On October 30th, President Joe Biden unveiled the federal government’s most comprehensive initiative regarding artificial intelligence (AI) to date. The Executive Order on the Safe, Secure, and Trustworthy Development and Use of Artificial Intelligence order places a significant emphasis on establishing standards for AI privacy, security, and safety, as indicated in a preliminary fact sheet that preceded the official order. It also aims to combat discrimination within AI systems while safeguarding the rights of workers when AI technology is deployed in the workplace.

Bruce Reed, the White House Deputy Chief of Staff, expressed that Biden’s actions represent the most substantial measures any government worldwide has taken to ensure AI’s safety, security, and trust. He underscored that these steps are part of an aggressive strategy to harness the benefits of AI while mitigating potential risks.


Prior to signing the executive order, President Biden spoke about the significant responsibility the federal government faces in establishing guidelines for a technology that can take various forms and is rapidly evolving. He described this moment in history as an “inflection point” where current decisions will have far-reaching consequences, which could be both perilous and transformative, including the potential to combat diseases like cancer and address climate change.

About the Order

The executive order’s primary focus is the integration of privacy and AI, highlighting the essential need for safeguards. The order explicitly calls on Congress to advance comprehensive privacy legislation, echoing the sentiments of federal lawmakers who have recently explored the connection between privacy legislation and AI regulation.

Under the order, federal agencies are directed to develop techniques to protect individuals’ privacy, assess the effectiveness of existing privacy protections, and strike a balance between data accessibility for training purposes and data security and anonymity.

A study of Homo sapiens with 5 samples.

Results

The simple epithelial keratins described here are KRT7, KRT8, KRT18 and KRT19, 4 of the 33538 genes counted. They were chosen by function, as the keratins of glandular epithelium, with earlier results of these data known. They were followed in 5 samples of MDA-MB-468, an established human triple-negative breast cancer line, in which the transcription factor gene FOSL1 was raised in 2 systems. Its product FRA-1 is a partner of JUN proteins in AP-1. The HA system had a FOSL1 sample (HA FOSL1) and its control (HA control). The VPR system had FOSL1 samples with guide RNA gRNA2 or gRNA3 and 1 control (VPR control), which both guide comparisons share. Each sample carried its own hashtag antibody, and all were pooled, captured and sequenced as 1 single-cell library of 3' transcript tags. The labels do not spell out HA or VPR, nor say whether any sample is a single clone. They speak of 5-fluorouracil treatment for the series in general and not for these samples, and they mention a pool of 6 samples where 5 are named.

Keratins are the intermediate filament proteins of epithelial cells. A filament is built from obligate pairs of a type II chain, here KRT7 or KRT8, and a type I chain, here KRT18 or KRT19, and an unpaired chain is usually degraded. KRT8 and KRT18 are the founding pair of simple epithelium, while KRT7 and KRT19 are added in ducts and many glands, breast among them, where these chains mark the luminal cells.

The order also tasks the National Science Foundation with collaborating on stronger cryptography protections to safeguard privacy and national security, particularly in the face of advancing quantum computing. Federal agencies are instructed to assess their data collection and usage practices, including data obtained from data brokers, with the goal of ensuring data security.

The Future of Privacy Forum supports the call for bipartisan privacy legislation and views the executive order as highly comprehensive, affecting both the government and private sector. The Center for Democracy and Technology also applauds the order for its comprehensive approach to responsible AI development and governance.

To ensure safety, the order utilizes the Defense Production Act to compel developers to share safety test results with the government before releasing AI technologies to the public. It also establishes standards for these tests and instructs agencies like the Departments of Energy and Homeland Security to evaluate AI’s potential risks to critical infrastructure. The order further charges the National Security Council with developing a national memorandum on AI use in the military and intelligence community.

The order emphasizes the need for accountability among companies as scrutiny increases regarding how generative AI algorithms create content. To maintain transparency, it calls for independent testing of AI safety and the establishment of new standards for collaboration between the government and private sector.

The executive order builds upon Biden’s Blueprint for an AI Bill of Rights by requiring agencies to issue guidance on the use of AI in sectors like housing, federal benefits programs, and contracting to reduce discrimination. This move follows studies demonstrating that algorithms used in areas like banking can harm low-income borrowers.

The Department of Justice is tasked with training civil rights offices on prosecuting civil rights violations related to AI and setting standards for AI usage in the criminal justice system, ensuring equitable practices.

The order also prioritizes protecting workers’ ability to collectively bargain, addressing job displacement due to AI, and upholding labor standards. It encourages companies to distinguish AI-generated content from human-created content by adding watermarks.

Furthermore, the order underscores the importance of promoting U.S. competitiveness in AI. It calls for the establishment of a National AI Research Resource to enhance research tools’ accessibility and provide technical assistance to small businesses. Streamlining the visa process for AI-skilled individuals to study and work in the U.S. is another key feature.

While President Biden’s executive order represents a significant step forward, it also acknowledges that there are limits to what the White House can accomplish independently. With mounting pressure and rapid global developments in AI, Congress faces the challenge of keeping pace with the evolving landscape.

About Ale Johnson

Ale Johnson is the Marketing Manager at Truyo.